Recyclers find a home in the country

Couple starts a free service where people can both drop off and pick up used items that would otherwise go to the landfill

Jack’s Place is home to a host of second-hand treasures — and they’re free.

From old cups and toys to used windows and doors, the facility in Imperial, Sask., is a haven for odds and ends that people come to drop off or pick up.

The startup is modelled after places like the Salvation Army, says owner Shirley Klenk Flostrand, but with a unique twist.

“Jack’s Place is a set of buildings where we take in usable items from people and give them away to others for free to keep it out of the landfills. We are recycling as much as possible to help save our planet,” she said.

Added husband Murray: “A non-profit is making money for the church or something like that. We aren’t set up as a non-profit. We are just doing this as a service for people.”

They said the inspiration came from working at the local community landfill and seeing usable items routinely being thrown away.

“I used to see the stuff going into the bins, which goes to the Regina landfill. So I started asking people if they would mind if I took their items and give it away to somebody who could use it. It saves them money from putting it into the landfill,” said Murray.

Added Shirley: “Out here in the middle of nowhere a lot of people don’t want the hassle of going into the city to donate something or some don’t know what to do with it. Then there’s quite a few elderly that have passed away and their kids don’t want the stuff. Normally they would just haul it out to the local dump.”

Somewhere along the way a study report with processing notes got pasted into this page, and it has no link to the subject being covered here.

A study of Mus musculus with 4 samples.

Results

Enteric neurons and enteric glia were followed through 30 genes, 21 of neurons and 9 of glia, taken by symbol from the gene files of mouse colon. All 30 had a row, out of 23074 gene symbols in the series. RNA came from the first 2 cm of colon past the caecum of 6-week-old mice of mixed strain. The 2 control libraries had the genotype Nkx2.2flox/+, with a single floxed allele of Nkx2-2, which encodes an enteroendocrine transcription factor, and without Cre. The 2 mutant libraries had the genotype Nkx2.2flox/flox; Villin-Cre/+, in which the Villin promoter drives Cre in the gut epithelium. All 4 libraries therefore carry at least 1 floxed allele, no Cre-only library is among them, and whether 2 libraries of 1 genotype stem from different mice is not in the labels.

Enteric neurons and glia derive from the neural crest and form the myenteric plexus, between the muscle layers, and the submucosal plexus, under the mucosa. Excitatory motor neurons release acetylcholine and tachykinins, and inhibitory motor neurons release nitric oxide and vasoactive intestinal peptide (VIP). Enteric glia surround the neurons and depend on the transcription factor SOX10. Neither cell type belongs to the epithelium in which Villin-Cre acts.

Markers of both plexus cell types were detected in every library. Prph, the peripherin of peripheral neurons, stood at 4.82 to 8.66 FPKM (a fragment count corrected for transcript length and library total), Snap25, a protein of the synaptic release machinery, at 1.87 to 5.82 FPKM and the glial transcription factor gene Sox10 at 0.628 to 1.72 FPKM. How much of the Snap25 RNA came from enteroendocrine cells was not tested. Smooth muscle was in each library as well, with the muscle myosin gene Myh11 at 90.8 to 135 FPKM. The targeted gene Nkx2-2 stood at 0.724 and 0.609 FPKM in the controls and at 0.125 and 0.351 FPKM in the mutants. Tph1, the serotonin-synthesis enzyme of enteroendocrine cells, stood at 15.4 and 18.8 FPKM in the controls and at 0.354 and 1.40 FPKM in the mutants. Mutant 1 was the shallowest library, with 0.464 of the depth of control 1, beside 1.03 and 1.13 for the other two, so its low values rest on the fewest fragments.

Jack’s Place operates out of an old garage in Imperial, Sask. | Supplied photo

So two years ago using their own money, the couple began the recycling service from an old garage they bought in Imperial, about halfway between Saskatoon and Regina.

The name for their enterprise came from the town’s longtime custodian.

“The buildings used to be owned by Jack Remington here in town as far as I remember from being a young kid,” she said.

When I started doing this, people would ask where the place was located so they could drop off or pick up and I’d say, ‘do you remember Jack’s place?’ So it just kind of became Jack’s Place.”

And as the saying goes, one man’s trash is another man’s treasure.

To that end, they’ve been able to help many people moving out on their own with free items to fill their new homes, including young adults setting up their first household or single parents needing to start over.

“We now have many people coming out from the cities around us, including Regina, Saskatoon and Moose Jaw,” she said.

“We welcome anyone that can use the items and take in any and all items that can be used or upcycled.”

However, occasionally there’s been someone who doesn’t want something for nothing and offered to pay, which they will accept, but only as a donation toward fixing up the place.

To that end, the couple have started a GoFundMe page (gofundme.com/f/jack039s-place-repairs) to try and raise money for much needed repairs to the old building.

“We need to put on a new roof, update the electrical and fix some walls. I’d like to try and get some of the other parts of the building fixed up to expand the floor space that we have,” she said.

“We would like to keep our doors open to help those that can use the free items.”

Jack’s Place is open most Sundays and Wednesday afternoons.

People who want to pick up or drop off can contact Flostrand at 306-963-7985.